In the national news this week we have heard the report of the first baby to be born by this novel technique to prevent the transmission of a devastating illness that would have led to an early death.
The family from Jordan were treated by a New York team who, because the therapy is illegal in the USA, carried out the procedure in Mexico. An apparently healthy boy was born in April and the case is presented in an abstract to be presented at the American Society of Reproductive Medicine (ASRM). This begs the question as to why the case has not been reported in a peer-reviewed publication and thereby open to full and proper scrutiny of the technology used. There is no doubt that such a significant case would have been processed rapidly by any top scientific journal.
What is mitochondrial disease?
Mitochondrial disease is a group of disorders caused by dysfunctional mitochondria, the organelles that generate energy for the cell. Mitochondrial diseases are devastating for the individual and may lead to poor growth, loss of muscle coordination, muscle weakness, visual problems, hearing problems, learning disabilities, heart disease, liver disease, kidney disease, gastrointestinal disorders, respiratory disorders, neurological problems, autonomic dysfunction and dementia. This leads to severe disabilities and often death at a very young age. There are a number of different types of mitochondrial disease and if they run in a family, different family members can be affected in different ways. It is thought that approximately one in ten thousand people may have a mitochondrial problem – sometimes only leading to mild illness but the more severe forms become apparent in infants and lead to major disability and early death.
Most cells in the body contain a central nucleus, which holds the genetic material which determines bodily functions and in the cytoplasm (or jelly like fluid) around the nucleus are hundreds of mitochondria, which convert the energy of food molecules into the energy that is vital for normal cell function. If the mitochondria are abnormal then cells cannot function.
Mitochondria are inherited from the mother and defective mitochondria are therefore found in the egg. The new technology can be performed in two ways: The case reported used “spindle transfer” and involves using a donor egg, removing its nucleus, and then replacing it with the nucleus from the mother who has affected mitochondria and then fertilizing it with the father’s sperm to create an embryo. The alternative technique uses a fertilized egg and the fertilized nucleus will be removed and transferred into a fertilised donor egg that has had its nucleus removed (so called pronuclear transfer).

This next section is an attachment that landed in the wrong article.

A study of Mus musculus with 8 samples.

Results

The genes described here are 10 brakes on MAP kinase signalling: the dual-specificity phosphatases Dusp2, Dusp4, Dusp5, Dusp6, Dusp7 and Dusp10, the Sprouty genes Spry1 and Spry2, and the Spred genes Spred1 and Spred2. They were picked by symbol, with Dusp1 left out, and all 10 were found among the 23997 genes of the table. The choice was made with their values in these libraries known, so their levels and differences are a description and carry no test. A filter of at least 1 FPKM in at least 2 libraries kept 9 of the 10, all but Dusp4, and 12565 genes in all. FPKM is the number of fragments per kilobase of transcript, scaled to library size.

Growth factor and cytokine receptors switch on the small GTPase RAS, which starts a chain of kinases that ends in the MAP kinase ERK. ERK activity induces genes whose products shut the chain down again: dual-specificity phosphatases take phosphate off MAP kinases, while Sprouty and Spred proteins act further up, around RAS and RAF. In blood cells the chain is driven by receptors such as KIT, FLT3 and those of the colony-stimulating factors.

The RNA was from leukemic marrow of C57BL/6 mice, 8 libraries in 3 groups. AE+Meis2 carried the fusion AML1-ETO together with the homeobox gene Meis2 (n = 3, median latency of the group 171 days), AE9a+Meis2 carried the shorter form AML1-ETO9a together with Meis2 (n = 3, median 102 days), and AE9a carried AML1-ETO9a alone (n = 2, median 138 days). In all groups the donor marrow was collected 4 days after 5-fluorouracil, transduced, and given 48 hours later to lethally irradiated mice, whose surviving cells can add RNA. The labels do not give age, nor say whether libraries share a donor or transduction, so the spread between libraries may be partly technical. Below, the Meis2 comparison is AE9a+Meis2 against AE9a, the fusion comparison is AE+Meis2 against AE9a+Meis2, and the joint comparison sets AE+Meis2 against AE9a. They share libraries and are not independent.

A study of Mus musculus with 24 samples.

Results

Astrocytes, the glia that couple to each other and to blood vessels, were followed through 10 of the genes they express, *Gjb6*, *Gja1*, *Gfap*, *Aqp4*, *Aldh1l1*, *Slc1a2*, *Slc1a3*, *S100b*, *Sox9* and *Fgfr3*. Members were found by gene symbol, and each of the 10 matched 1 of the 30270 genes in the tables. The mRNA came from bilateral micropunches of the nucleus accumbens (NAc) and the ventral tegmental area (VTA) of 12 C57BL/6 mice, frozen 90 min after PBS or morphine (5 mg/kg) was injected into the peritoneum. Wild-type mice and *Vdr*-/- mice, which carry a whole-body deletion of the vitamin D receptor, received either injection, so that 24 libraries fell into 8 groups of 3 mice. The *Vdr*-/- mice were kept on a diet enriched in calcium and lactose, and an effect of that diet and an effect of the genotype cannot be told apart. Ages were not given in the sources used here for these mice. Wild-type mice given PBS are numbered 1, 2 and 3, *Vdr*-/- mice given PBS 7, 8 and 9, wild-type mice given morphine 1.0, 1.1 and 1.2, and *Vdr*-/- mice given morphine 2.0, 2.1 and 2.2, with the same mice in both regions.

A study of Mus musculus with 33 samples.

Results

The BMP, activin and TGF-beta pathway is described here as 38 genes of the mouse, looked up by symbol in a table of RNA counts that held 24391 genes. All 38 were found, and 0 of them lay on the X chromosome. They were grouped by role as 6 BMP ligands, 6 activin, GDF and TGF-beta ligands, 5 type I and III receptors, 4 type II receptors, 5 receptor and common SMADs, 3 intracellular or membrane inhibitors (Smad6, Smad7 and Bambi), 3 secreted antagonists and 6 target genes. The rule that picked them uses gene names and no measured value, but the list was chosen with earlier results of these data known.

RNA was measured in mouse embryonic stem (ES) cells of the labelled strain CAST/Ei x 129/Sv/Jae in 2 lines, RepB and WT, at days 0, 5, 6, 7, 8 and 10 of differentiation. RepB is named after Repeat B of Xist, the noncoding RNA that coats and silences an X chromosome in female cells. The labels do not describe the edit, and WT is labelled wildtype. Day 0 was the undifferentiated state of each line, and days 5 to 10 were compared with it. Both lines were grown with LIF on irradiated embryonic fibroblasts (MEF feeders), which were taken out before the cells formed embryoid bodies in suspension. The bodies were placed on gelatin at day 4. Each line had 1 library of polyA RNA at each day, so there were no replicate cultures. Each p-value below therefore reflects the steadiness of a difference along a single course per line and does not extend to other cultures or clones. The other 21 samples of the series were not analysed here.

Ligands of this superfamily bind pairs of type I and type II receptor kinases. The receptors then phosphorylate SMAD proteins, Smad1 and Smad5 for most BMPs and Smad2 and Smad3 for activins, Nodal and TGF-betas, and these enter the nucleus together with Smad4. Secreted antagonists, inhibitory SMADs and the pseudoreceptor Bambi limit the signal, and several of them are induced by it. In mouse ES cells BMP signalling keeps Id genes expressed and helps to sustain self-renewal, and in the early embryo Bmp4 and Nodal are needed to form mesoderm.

These techniques will enable families who have been devastated by the loss, often of several children, to now have healthy children in the future.
Thus there are three contributors to the embryo – the eggs from two women and the sperm of the father. The baby conceived in this way therefore inherits the genetic characteristics of its biological parents and inherits the healthy mitochondria from the donated egg, which contributes less than 0.1% of the DNA to the cell but will be continued through following generations – in other words permanently altering the genetic profile of the individual.
The UK has very strict regulation for what we can do and last year the House of Lords approved this treatment in the UK, where it has been pioneered in Newcastle. This has been after extensive ethical and scientific scrutiny and public consultation, run by the HFEA. The treatment hasn’t yet begun in the UK but the plans are for it to be performed in a single centre (Newcastle), carefully monitored and of course with very careful follow up of the children born. It is right and proper that we have strict but at the same time permissive regulation and appropriate plans in place to monitor the technology and babies born.
It is concerning that as the treatment is not allowed in the USA, the scientists went to Mexico where it isn’t regulated and this resulted in the baby reported this week. We do not have any scientific details, any details of how many times they may have attempted and failed or any idea of the surveillance and long term follow up of the baby/babies. We therefore have to be very cautious about this report, as the science has been the subject of peer review and is only an abstract at a meeting.